Loz Blain

Irish company OceanEnergy has already tested its oscillating water column generators at significant scale in Hawaii, and it's just signed on to a four-year project to test, validate and commercialize its biggest unit yet off Orkney, in Scotland. The OE35, billed as the world's largest capacity floating wave energy device, is certainly an imposing thing to look at. While no dimensions have yet been drawn up for the machine to be built for Scotland as yet, the machine the company built for testing at a US Navy test site in Hawaii measures 125 x 59 ft (38.1 x 18 m), with a draft of 31 ft (9.4 m) and a total weight of 826 tons. 

In testing, it ran at a capacity of 500 kW, but the device was, and is, capable of 1.25 MW. Building these things requires shipyard-level facilities – in the Hawaii machine's case, those of Oregon company Vigor. After construction there, the machine was towed to its test site for commissioning. You can get a sense of the scale of the thing in the video below; this is not a small-scale project.

It works on a relatively simple principle. Moored to the ocean floor, the OE35 sits in the sea as waves lap in and out of three large airtight chambers. As the water level in these chambers rises, air is pushed out the top. As it falls, air is sucked back in.

OceanEnergy makes use of a piece of Northern Irish technology to harvest energy from this bidirectional air pressure: the Wells turbine, invented in Belfast in the late 70s. These use a series of symmetrically-designed fan blades, designed to convert air pressure coming through in either direction into the same direction of rotation. Thus, the turbine turns continuously in one direction as the air pumps in and out of the wave chambers, rather than requiring the turbine to keep switching directions every time the air flow reverses. 

This is in contrast with Wave Swell Energy's (WSE's) blowhole generator, which works on similar principles, but only harvests energy from air on the in-stroke, allowing the out-stroke air to push out through a valve. Wells turbines are less efficient than unidirectional turbines, and independent analysis appears to suggest WSE's approach of using a single, relatively cheap unidirectional turbine is likely to lead to some of the world's cheapest renewable energy, so perhaps there's something to it. But it's hard to imagine the Wells turbine being so inefficient that it can't harvest more energy from wind in two directions than WSE's device can in one. 

A small-scale "OE Buoy" was tested more than a decade ago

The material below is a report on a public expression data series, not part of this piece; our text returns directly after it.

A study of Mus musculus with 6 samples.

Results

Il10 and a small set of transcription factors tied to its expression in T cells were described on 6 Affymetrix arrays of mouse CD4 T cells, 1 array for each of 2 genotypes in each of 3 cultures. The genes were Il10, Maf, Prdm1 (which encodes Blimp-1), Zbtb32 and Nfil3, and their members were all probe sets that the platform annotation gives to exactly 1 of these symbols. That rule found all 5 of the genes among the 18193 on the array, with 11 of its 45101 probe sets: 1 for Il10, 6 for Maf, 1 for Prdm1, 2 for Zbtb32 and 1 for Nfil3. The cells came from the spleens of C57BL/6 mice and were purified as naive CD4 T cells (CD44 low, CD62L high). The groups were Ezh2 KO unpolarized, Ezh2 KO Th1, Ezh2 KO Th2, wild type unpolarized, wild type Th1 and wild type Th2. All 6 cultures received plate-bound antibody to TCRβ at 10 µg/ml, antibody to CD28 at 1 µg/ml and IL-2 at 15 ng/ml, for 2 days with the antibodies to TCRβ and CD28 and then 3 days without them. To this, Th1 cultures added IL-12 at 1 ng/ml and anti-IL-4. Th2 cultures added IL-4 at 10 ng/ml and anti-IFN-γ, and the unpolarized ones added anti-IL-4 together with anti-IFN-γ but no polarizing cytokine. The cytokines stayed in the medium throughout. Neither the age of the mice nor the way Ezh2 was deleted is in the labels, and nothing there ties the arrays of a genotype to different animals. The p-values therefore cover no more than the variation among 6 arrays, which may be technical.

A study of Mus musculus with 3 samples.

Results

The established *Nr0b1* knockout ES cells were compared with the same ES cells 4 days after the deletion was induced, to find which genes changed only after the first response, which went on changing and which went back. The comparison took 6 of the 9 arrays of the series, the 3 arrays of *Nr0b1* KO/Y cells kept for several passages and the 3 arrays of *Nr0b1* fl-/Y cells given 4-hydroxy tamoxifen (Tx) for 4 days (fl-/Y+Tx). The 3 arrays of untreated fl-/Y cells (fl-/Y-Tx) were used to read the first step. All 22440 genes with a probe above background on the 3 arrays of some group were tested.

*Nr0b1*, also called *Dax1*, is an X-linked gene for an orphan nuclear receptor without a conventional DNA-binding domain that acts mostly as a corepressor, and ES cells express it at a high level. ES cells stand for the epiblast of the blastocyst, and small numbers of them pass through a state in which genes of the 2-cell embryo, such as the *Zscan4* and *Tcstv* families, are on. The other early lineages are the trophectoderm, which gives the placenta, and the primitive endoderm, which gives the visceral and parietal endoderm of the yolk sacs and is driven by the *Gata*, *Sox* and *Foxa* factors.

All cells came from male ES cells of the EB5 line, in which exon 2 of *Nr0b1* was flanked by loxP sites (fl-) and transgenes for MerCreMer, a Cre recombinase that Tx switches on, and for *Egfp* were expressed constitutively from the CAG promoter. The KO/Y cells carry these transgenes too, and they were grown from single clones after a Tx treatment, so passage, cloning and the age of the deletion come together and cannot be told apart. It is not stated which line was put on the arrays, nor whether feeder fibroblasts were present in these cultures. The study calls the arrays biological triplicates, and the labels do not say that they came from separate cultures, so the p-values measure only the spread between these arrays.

That little mystery aside, OceanEnergy has signed onto a collaboration with 14 partners across industry and academia in the UK, Ireland, France, Germany and Spain to test the OE35 at scale. Co-funded by the EU Horizon Europe Programme and Innovate UK, the €19.6-million (US$19.3-million) WEDUSEA project will proceed in three phases over four years.

First, the team will design and build an OE35 rig tailored to the conditions at the European Marine Energy Test Site in Orkney, Scotland. Then, it'll install and test the machine over two years. The third phase will disseminate the results and focus on commercializing the technology at scale. OceanEnergy has future plans for an OE50 machine capable of 2.5 MW.

“The innovative actions taken in this programme aim to improve the efficiency, reliability, scalability and sustainability of wave energy technology, and reduce the Levelised Cost of Electricity of the technology by over 30%," said Myles Heward, Project Manager at the European Marine Energy Centre. "This will help to de-risk investments in wave energy.”

Rémi Gruet, CEO of the trade association Ocean Energy Europe, adds: “Wave energy is at full-scale stage now and projects like WEDUSEA are paving the way for pilot farms and sector-wide industrialization. As an EU-UK collaboration project, it will demonstrate the potential for wave energy to make a significant contribution to the EU Green Deal target. Wave energy will help smooth production peaks or dips from variable wind and ensure European energy independence.”

Watch the giant Hawaii machine being launched in the video below.





Loz has been one of our most versatile contributors since 2007. Joining the team as a motorcycle specialist, he has since covered everything from medical and military technology to aeronautics, music gear and historical artefacts. Since 2010 he's branched out into photography, video and audio production, and he remains the only New Atlas contributor willing to put his name to a sex toy review. A singer by night, he's often on the road with his acappella band Suade.